This is a repost from back on googlepages in 2007. It is included for historical reference, and has not been updated.
Tax Incremental Financing Districts, or TIF’s, first started in California in 1952 as a way to finance returning non-productive lands to the tax roles. Illinois created it’s TIF law in 1977 to allow municipalities to issue bonds to finance infra-structure improvements, undertake land assembly, and provide incentives to lure private investment to blighted urban neighborhoods that show a pattern of losing value. In Illinois, once a TIF district is approved, the designation stays in place for 23 years.
In 1999 the IL General Assembly changed the law, so TIF could be used as a more general economic development tool. That’s right about when Downers Grove started borrowing. Some of the most outrageous abuses, such as using TIF to build town halls and golf courses, are prohibited.
Some school districts are starting to ask for their share of TIF diverted revenues. We should come up with an equitable revenue sharing plan so we don’t have to fight with each other. I was challenged to prove that the downtown deals are bad. Let’s see my ROI analysis, and my Cash-on-Cash figures, I was told. I can do better than spew a bunch of guesstimates with intense math that the average resident won’t understand.
I’ll see if I can keep this in plain english. Acadia on the Green: We borrowed $8 million, added $7 million in free land, the parking lots (2004 low end market value), will pay about $3.5 million in interest on the $8 million we borrowed, and netted less than $2 selling. Starting hole=$18.5 million. The TIF baseline for this project is zero: every penny of real estate taxes is an increment that can be used against the Village’s cost of the project. The project has yet to come on line. When it does, starting in 2008, it will have 200 condos that average $320,000 selling price, and first floor retail renting out at $35 sq/ft. That leaves 12 years in the TIF District to come up with a minimum of $18.5 million in TIF funds to pay for the deal.
200 condos at $320,000 = $64 million dollars. The assessed value, or EAV = $21.3 million. At full bore, that will generate about $900,000 in real estate taxes each year for the residences, and about an additional $220,000 in local sales tax.
If we model our commercial tax rate to maximize return, the change in tax collections Rev with respect to changes in the tax rate t equals the tax base B times one plus the elasticity Є of the tax base with respect to the tax rate;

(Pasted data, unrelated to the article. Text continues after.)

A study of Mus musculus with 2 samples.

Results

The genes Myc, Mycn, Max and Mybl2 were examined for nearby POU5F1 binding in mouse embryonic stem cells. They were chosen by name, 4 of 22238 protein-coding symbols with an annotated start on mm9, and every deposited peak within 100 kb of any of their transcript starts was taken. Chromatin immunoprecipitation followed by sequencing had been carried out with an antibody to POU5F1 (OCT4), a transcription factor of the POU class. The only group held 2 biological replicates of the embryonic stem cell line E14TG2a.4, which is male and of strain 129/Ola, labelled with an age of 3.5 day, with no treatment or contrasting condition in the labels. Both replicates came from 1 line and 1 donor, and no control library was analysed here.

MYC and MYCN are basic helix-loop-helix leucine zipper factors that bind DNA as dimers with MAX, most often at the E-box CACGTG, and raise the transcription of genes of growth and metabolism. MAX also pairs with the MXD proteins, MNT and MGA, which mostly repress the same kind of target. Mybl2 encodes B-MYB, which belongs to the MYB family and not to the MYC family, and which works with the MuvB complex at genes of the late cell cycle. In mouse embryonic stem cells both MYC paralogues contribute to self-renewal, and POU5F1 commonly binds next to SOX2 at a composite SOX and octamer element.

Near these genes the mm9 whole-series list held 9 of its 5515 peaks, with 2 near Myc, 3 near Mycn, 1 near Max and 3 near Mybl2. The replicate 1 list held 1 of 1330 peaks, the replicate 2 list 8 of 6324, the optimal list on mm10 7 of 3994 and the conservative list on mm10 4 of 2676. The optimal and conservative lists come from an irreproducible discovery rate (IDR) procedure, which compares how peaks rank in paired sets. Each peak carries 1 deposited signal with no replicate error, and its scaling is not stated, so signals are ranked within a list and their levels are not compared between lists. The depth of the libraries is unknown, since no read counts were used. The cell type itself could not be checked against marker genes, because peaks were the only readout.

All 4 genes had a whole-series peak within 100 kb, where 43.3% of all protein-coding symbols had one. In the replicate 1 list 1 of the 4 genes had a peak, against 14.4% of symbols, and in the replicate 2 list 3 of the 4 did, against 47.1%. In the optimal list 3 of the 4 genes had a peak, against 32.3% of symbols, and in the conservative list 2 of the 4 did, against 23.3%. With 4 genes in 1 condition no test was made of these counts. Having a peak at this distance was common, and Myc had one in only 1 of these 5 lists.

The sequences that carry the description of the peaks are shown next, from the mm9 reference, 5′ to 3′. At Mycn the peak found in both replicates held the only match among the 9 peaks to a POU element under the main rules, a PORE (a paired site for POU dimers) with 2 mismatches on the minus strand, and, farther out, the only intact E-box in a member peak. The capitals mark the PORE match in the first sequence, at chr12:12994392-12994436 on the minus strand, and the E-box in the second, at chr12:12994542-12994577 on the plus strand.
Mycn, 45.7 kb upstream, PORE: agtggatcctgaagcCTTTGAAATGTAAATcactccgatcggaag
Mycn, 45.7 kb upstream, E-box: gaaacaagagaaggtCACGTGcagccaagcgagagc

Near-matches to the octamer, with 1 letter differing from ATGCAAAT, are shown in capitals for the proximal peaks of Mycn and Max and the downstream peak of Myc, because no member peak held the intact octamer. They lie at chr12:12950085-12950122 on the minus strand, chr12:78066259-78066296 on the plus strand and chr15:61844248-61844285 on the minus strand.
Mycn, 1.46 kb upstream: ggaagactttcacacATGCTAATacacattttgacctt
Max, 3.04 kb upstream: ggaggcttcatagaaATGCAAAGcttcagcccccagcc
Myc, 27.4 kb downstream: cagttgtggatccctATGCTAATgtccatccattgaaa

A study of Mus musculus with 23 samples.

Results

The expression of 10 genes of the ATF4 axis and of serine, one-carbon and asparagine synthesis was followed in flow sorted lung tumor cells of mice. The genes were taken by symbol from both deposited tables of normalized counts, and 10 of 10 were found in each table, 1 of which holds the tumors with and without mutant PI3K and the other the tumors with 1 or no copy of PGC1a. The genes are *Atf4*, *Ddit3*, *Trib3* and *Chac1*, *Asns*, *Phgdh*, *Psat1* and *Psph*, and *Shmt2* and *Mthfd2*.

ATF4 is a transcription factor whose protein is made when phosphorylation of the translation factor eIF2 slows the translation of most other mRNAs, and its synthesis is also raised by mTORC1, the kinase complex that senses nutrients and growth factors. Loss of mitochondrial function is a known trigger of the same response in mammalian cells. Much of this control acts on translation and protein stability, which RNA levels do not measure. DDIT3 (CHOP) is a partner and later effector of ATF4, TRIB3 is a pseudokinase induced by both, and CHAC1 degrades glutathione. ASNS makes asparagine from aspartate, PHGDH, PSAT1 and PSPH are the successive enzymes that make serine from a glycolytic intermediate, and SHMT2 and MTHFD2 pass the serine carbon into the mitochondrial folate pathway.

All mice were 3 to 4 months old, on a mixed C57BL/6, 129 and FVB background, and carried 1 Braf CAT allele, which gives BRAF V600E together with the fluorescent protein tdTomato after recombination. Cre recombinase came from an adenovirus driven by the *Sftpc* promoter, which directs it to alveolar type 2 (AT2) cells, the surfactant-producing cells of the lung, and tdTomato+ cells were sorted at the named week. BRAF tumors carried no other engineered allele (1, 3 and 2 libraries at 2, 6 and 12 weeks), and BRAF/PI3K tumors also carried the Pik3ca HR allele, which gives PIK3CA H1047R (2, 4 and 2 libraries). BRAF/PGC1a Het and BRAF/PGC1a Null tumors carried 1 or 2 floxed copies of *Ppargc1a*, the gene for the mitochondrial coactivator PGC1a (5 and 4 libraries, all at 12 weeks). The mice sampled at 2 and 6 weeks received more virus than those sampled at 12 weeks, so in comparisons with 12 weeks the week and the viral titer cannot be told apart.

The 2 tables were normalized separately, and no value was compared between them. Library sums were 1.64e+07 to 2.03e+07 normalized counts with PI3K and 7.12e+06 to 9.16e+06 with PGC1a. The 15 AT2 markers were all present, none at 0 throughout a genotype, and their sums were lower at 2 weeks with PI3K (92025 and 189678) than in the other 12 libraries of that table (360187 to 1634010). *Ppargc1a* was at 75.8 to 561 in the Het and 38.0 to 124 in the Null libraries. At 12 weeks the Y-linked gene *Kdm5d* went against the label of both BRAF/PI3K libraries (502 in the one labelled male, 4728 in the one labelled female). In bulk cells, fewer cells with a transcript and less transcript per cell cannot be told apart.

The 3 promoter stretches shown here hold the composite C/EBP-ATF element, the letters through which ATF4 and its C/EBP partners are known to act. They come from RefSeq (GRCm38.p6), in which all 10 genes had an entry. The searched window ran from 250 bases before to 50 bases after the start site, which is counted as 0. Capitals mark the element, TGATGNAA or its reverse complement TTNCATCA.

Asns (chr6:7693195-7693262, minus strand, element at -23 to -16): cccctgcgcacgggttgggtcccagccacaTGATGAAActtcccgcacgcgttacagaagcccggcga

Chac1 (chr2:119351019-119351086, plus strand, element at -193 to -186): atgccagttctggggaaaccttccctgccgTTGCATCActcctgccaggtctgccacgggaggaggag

dRev/dt = B(1+Є).
Yeah, its all true, but I’m pulling your leg: I said plain english.
Pulling down $1.12 million in extra taxes each year doesn’t pay for any of the Village services required of the project. So it will take us until about 2034 to pay this down and get to a positive ROI (Return on investment). At the very end, even if we use every penny of TIF against the debt, we don’t break even at the end of the TIF District life span. And it doesn’t contribute a single extra penny to the Village coffers in the meantime.
Pay-as-you-go is a newer tool being used in TIF Districts. Maybe a LOT of taxpayers everywhere were getting upset about the free lunch for developers, so TIF backers came up with a better way to do the deals, and spread the word. We currently have a revolving group of CD’s totalling about $15 million dollars that earn us interest, but we pay 1/4% in fees, or about $37,500. The Illinois Funds Money Market Funds is an investment and banking service of the state, run by the state Treasurer, that offers slightly better than CD rates for money on deposit, and keeps everything legal for the municipalities that use it. They don’t charge 1/4% in fees, so they could save us some $$ there. We already use that service for our tax revenues that are collected for us, like real estate taxes, sales taxes, and our phone tax.
In February Standard & Poor’s upgraded our Bond Rating to AA+, one step from a top AAA rating. The better the rating, the lower the bond interest rate. Here’s a simple mortgage calculator so you can do a rough check of figures. When you get that “Payment” figure, multiply by 120 for a 10 year note, or 240 for a twenty year note.
3% as a percentage of debt to EAV as a debt ceiling is what I keep reading and hearing about. For every $1 we put in at the front end of any Bond debt, we save from $1.25 to $1.54 over the life of the loan.